Another city in western Washington appears to be preparing to test how far it can get against the state’s 35-year-old preemption statute, and gun rights advocates in any state with a similar law should pay attention to what is happening in the Evergreen State.
As Alan Gottlieb, chairman of the Citizens Committee for the Right to Keep and Bear Arms (CCRKBA) put it last week, what is now happening in Washington could be coming to your state.
Tonight, the Kirkland City Council is scheduled to hear a special presentation on “Gun Safety and Community Safety Outreach.” It’s the result of earlier sessions that have come up with suggested “solutions” to so-called “gun violence” in a state that pales in comparison to places like Maryland and Illinois, where more people are killed in major cities than in the entire state of Washington in any given year. In 2016, for example, according to the FBI Uniform Crime Report, there were 195 murders in Washington of which 127 were firearm-related. That same year, there were 762 murders in Chicago, and another 318 slayings in Baltimore.
The Kirkland council meeting begins at 7:30 p.m., preceded by a study session at 6 o’clock.
Among ideas from the public are suggestions that indicate the people who made them have forgotten, or simply don’t believe, that owning a firearm is a right protected by both the federal and state constitutions. Their ideas indicate they think having a gun is a government-regulated privilege. Recommendations include:
- Longer waiting periods to buy guns;
- Limits on the number of firearms one person can have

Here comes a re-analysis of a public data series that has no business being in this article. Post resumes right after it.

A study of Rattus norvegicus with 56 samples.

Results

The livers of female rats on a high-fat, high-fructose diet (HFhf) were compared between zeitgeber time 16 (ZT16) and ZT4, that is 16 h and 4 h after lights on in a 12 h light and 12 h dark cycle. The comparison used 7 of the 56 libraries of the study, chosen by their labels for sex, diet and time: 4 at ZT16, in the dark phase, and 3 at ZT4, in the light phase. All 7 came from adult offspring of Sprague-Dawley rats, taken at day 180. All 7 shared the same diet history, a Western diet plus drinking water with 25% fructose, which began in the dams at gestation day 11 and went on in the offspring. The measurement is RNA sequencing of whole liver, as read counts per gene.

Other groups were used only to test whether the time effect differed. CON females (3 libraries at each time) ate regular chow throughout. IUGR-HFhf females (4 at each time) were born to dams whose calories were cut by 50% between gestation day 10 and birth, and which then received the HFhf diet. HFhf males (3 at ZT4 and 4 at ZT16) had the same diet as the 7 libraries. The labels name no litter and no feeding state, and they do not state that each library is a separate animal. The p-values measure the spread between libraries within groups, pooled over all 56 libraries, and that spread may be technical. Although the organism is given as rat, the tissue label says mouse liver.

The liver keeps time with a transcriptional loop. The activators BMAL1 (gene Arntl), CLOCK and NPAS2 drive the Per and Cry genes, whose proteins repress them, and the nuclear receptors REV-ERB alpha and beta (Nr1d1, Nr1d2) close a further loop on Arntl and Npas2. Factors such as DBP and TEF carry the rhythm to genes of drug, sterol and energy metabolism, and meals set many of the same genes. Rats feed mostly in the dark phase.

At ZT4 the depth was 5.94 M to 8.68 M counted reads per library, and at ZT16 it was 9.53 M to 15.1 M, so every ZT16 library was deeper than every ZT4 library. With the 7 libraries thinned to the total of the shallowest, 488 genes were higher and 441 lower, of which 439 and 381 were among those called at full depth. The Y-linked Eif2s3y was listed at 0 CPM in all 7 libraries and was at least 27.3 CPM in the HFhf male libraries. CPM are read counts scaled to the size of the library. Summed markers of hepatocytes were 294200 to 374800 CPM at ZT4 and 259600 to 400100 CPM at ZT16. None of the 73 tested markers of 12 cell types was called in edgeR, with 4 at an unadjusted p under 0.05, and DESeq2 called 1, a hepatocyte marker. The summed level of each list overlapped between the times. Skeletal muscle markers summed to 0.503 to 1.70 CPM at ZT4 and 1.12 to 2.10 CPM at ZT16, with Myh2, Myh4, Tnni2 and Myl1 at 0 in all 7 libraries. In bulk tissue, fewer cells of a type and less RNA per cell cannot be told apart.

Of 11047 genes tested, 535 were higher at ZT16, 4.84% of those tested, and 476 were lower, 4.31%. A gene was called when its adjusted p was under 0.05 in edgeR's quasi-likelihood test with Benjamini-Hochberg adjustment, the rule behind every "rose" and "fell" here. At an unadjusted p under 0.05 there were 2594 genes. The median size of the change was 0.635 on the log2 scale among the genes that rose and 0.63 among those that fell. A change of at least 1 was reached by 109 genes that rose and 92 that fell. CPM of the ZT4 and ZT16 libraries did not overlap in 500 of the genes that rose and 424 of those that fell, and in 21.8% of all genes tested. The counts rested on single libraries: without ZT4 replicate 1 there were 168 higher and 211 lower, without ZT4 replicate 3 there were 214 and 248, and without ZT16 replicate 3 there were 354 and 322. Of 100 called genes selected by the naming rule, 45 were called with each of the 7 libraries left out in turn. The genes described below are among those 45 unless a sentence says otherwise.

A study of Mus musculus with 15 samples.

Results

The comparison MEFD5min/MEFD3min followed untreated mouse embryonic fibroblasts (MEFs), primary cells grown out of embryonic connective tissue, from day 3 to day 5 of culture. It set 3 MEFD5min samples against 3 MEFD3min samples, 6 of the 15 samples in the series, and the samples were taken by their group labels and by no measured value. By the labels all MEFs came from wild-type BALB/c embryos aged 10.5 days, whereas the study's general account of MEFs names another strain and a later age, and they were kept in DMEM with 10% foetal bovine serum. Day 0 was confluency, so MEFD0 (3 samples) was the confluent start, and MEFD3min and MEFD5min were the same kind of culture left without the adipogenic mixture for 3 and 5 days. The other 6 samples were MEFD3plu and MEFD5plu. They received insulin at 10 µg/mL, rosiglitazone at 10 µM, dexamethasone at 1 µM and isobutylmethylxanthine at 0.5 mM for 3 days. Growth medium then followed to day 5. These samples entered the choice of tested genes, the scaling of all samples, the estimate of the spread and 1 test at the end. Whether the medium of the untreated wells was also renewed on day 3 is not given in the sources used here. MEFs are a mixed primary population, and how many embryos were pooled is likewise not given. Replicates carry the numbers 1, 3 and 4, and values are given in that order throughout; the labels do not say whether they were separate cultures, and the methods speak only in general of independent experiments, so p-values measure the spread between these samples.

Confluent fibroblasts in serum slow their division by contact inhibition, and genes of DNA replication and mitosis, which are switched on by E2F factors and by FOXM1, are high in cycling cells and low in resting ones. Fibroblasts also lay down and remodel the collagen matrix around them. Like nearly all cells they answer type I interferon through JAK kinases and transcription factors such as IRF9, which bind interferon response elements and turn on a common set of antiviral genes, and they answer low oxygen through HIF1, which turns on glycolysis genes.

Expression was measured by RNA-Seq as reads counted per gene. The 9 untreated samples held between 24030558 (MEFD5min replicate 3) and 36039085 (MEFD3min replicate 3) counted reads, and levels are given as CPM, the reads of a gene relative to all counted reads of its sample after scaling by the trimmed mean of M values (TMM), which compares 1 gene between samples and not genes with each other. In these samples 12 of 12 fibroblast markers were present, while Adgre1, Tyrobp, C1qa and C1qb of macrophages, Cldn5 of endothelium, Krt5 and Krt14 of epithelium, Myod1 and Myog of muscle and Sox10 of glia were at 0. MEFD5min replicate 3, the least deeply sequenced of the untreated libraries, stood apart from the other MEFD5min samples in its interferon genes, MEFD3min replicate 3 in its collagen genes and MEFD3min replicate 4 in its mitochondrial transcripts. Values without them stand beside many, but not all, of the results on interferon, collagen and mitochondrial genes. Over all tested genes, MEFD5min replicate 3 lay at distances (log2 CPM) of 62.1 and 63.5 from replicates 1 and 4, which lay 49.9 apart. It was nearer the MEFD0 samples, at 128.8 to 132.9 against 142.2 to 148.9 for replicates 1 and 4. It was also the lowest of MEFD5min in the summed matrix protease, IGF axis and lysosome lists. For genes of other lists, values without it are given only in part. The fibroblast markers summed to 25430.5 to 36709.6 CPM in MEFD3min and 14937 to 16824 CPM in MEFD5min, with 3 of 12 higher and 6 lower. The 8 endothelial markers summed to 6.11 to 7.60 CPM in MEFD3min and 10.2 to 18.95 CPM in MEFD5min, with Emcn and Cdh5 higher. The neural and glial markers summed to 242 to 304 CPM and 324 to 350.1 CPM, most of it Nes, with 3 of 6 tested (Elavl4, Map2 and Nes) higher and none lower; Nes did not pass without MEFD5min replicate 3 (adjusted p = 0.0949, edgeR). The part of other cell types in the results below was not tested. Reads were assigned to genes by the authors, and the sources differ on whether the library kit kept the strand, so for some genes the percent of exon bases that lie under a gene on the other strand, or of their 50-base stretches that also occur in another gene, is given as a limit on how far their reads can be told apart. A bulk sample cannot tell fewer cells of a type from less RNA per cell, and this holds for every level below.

- “Create hoops you jump through to drive a car – many hours and tests…”
- “Obtaining a license for a gun should be like being a nurse, a teacher, or a driver’s license – renewals, training, etc.”
- “Bans of automatic & semi-automatic weapons”
- “Close gun show loopholes”
- “Ban all guns”
And there are lots more suggestions listed, including licensing and registration of gun owners and their firearms, mandatory insurance, required training, forbid the open carry of firearms and carrying guns in cars; pretty much the wish list of the gun prohibition lobby.
One Kirkland resident, Larry Kilbride, a Marine Corps veteran and self-realized rights activist, will be at the meeting. He contacted CCRKBA’s headquarters in Bellevue early Tuesday for help in sounding the alarm.
So far, Seattle, Everett, Edmonds and now Kirkland are considering or have adopted local gun regulations that clearly collide with the state preemption law, passed in 1983.
Kilbride is a senior citizen who opposes attempts to further erode his gun rights. His is the kind of activism that can become infectious. He’s hoping so. He understands that lethargy is the enemy of protecting one’s rights.